Oh what a tangled web we weave… at least until it’s ripped asunder by furious shareholders as newspaper baron Lord Black of Crossharbour has so publicly discovered.

And the revelations just keep coming. Aside from which Hollinger executive got what chunk of the $32m (£18.6m) worth of unauthorised management payments, the other big question is who will buy what assets?

Still, where there’s a problem, there’s a lawyer, and for Hollinger International, publisher of the Telegraph Group, it’s our very own Herbert Smith.

Showing the benefits of weaving an altogether different kind of web, Herbert Smith, led by corporate partner Anthony Macaulay, won this most high-profile of deals partly through its long association with Lazards, the investment bank charged with finding buyers for Hollinger International’s various publishing assets.

Last year, Lazards referred the capital restructuring of high street retailer Next to Herbert Smith, circumventing Simmons & Simmons and Eversheds. Although corporate expert Henry Raine is now the relationship partner for Next, it was Macaulay who acted on the original instruction.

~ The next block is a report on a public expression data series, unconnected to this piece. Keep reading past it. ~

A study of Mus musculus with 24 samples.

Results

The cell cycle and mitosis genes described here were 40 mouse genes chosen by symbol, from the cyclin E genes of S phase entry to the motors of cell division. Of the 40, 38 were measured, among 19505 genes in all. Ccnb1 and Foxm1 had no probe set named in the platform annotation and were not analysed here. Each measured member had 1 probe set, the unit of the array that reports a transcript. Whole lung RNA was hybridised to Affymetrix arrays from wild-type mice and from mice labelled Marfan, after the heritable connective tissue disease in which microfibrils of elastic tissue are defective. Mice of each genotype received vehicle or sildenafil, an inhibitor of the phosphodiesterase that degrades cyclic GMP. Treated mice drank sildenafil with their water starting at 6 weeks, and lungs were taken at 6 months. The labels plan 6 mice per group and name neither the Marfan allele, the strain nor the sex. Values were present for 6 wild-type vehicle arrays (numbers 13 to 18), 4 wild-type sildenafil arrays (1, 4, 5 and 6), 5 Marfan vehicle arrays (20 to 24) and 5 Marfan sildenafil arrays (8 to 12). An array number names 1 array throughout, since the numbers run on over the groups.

And it was Macaulay who led on the corporate side for Carnival on the battle for P&O Princess. He worked closely with Paul Weiss Rifkind Wharton & Garrison, a good friend of Herbert Smith, which happens to be providing US advice, led by partner Judith Thoyer, to Hollinger International.

The web analogy seems to be a theme that runs through the Hollinger mess. O’Melveny & Myers has been retained by the special committee established to investigate Hollinger and the payments made to insiders by its associated companies. Apparently, the firm was instructed at the behest of former chairman of the Securities and Exchange Commission and member of the special committee Richard Breeden.

Even within Hollinger there are all sorts of legal criss-crossings of distant associations. James Thompson, a director at Hollinger International who heads its audit commission, is also the chairman at Winston & Strawn. Coincidentally, practising there is Melanie Radler, daughter of David Radler, former COO of Hollinger International. The US firm, though, has never advised Hollinger or associated companies.

The links are endless. For Herbert Smith, its job is vastly more complex than tracing lawyer relationships, although it is no doubt relishing the thought of getting stuck in. I wonder if Lord Black feels the same way?